Baton Rouge Tidbits

From afar it could well be a medieval castle standing majestically high, surrounded by luscious trees that sits on top of a vibrantly green hill. Its quiet towers and battlements void of any battle marks were never used by archers to fight off oncoming invaders, the unusually opulent barbican, prominently highlighted by glass stained window does not lead to an open courtyard. It instead opens to a luxuriously designed interior. Elegant black and white marbled floor, rich wood paneling, a dark wrought iron staircase that leads the eyes up to an overhead kaleidoscope display of colors of the stained glass skylight, renders anyone speechless. Welcome to Old Louisiana Capitol. This gothic architectural beauty overlooking Mississippi River and a National History Landmark is just one of the reasons that sets Baton Rouge apart from the rest.

Located on the banks of Mississippi, Baton Rouge, is the capital of the U.S. state of Louisiana and forms the parish seat of East Baton Rouge. French for Red Stick, Baton Rouge was named after a red pole an exploration party led by French explorer, Sieur d’lberville, saw, marking the boundary between the Houma and Bayogoula tribal hunting grounds in 1699.

Since then, the city has become a major industrial petrochemical, medical, research, motion picture, and growing technology center of the American South. Being the farthest upstream Mississippi River port capable of handling Panamax ships, the Port of Greater Baton Rouge is the tenth largest in the United States in terms of tonnage shipped.

Its strategic site upon the Istruoma Bluff upriver the Mississippi River Delta, rendered the city safe from seasonal flooding and allowed development of business centers to thrive. At present, Baton Rouge is enjoying an economy that is growing at a faster rate than predicted. Job growth has increased higher than projected and unemployment has gone down. The rise in population of young entrepreneurs and businesses has also charged up the landscape of the city. With the new millennials flocking the city there was a rise in entertainment and new venues, as well as fine dining, bars and local dives.

Louisiana has the most distinct culture in the United states. Aside from going through French, British and Spanish colonization, exiles from Canada, the Acadians or “Cajuns” and the heavily French, Africans and Caribbean influenced Creole, shaped the eclectic culture of this state. Baton Rouge, the heart of everything Louisiana offers just that. It is tasted in their hot food, it is heard in their vibrantly rich music, it is seen in their distinct architecture, it is exhibited on the historic neighborhoods like the diverse Spanish Town, home to the State Capitol and the city’s largest Mardi Gras Parade. Garden District, also an established historic neighborhood is known for the upscale home. While Downtown, Baton Rouge’s central business district, is an enjoyable way to experience 300-year political history and very modern present time in one area. Standing side by side with the impressive modern architecture office, art and museum buildings are the stately Old Governor’s Mansion, the splendid looking Old State Capitol and some other structures that endured time and events.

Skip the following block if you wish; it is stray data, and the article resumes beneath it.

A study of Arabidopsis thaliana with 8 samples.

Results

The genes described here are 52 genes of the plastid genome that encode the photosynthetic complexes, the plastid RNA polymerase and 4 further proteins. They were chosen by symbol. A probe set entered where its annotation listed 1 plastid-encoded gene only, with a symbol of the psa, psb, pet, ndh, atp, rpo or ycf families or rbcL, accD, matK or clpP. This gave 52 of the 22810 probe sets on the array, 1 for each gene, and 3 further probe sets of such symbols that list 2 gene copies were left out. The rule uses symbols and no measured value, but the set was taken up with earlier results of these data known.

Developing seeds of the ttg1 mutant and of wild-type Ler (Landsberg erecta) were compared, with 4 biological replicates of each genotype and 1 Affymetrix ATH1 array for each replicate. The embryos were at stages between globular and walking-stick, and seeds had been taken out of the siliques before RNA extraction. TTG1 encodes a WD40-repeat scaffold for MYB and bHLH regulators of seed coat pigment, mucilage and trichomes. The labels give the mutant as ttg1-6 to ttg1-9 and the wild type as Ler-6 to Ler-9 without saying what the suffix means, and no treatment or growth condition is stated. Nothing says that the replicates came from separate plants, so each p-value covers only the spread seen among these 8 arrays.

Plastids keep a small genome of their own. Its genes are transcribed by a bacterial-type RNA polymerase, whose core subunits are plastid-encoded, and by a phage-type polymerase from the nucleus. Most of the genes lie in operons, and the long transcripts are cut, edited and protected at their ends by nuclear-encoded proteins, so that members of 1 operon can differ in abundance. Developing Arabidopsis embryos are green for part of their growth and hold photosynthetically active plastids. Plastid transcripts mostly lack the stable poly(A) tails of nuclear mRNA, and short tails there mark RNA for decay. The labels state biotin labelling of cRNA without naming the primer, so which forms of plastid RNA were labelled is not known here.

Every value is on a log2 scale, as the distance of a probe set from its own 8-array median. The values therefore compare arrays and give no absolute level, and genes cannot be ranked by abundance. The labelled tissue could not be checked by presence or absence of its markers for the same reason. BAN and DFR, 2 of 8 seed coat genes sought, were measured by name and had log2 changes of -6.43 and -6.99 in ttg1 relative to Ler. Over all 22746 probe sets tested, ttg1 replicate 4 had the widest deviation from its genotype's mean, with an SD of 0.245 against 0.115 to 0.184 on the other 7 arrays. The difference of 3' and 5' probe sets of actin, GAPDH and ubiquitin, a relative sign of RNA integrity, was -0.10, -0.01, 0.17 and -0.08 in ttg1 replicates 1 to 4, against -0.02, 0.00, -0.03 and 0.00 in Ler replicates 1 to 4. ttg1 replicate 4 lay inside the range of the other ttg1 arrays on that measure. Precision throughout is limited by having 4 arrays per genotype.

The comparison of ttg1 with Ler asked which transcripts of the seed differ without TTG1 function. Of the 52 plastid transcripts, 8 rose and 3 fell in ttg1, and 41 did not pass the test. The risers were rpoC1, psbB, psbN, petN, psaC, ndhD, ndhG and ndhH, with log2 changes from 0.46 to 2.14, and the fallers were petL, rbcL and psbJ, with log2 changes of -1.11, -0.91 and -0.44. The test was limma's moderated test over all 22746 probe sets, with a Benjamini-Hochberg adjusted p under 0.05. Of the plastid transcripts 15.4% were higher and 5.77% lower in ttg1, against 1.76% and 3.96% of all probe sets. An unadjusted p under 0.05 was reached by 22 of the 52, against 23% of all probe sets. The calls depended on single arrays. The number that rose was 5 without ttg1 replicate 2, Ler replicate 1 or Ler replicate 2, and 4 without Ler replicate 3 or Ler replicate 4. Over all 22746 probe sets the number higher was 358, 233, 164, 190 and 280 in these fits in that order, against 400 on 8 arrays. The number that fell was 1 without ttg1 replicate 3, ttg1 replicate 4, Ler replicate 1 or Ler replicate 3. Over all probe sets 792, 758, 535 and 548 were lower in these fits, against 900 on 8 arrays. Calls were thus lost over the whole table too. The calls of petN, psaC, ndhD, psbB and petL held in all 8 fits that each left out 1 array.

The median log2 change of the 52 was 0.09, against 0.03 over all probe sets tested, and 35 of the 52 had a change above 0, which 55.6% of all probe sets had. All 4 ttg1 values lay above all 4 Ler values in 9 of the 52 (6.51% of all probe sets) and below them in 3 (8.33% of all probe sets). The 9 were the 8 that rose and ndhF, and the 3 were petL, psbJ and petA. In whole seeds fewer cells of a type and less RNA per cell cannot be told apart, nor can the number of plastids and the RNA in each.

Senses and intellect are gratified as one steps back in time, in historic places such as the 18th century plantation with Colonial mansions such as the Oakley House, where John James Audobon, the famous American ornithologist, naturalist and painter lived for a while. Aside from the mansion where he walked through the weaving room or formal and kitchen gardens, he must have spent time anywhere in the one hundred acres woodland site where a plantation barn, two slave cabins and a natural trail lined with poplar and magnolia trees stood through the centuries. Time froze in 1820’s in this plantation with the year round living history and program.

The city also has more than 180 parks and unique facilities mirroring the history and rich natural resources in the region. It includes a swamp nature center and conservation area, a performing arts theater, an art gallery, as arboretum, seven golf courses, an extreme sports park, an equestrian park, a state-of-the-art observatory.

Among many things, historical or present times, Baton Rouge is known for its people. Their love for music, food, parades, feasts, families, parties, merrymaking, dancing, people and football is very contagious. Starting with the annual loud and colorful Mardi Gras on Fat Tuesday where visitors flock to party all day and night and catch beads. Football is serious business in this city, where tail gaiting is taken to the extremes with their big pot of Jambalayas and Alligator recipes. Louisiana State University’s Tiger Stadium, has a capacity of 90,000 people is nicknamed “Death Valley” and is the scariest venue for opposing teams. Louisianas zest for life is truly inspiring.

On January 17, 1817, one century after the red pole was observed, then-Louisiana governor Jacques Villere signed a legislative act incorporating Baton Rouge. In 1846, the Louisiana Legislature designated Baton Rouge as the State Capital, replacing New Orleans. Thus, this year Baton Rouge is celebrating its bicentennial with a year-long events and festivals.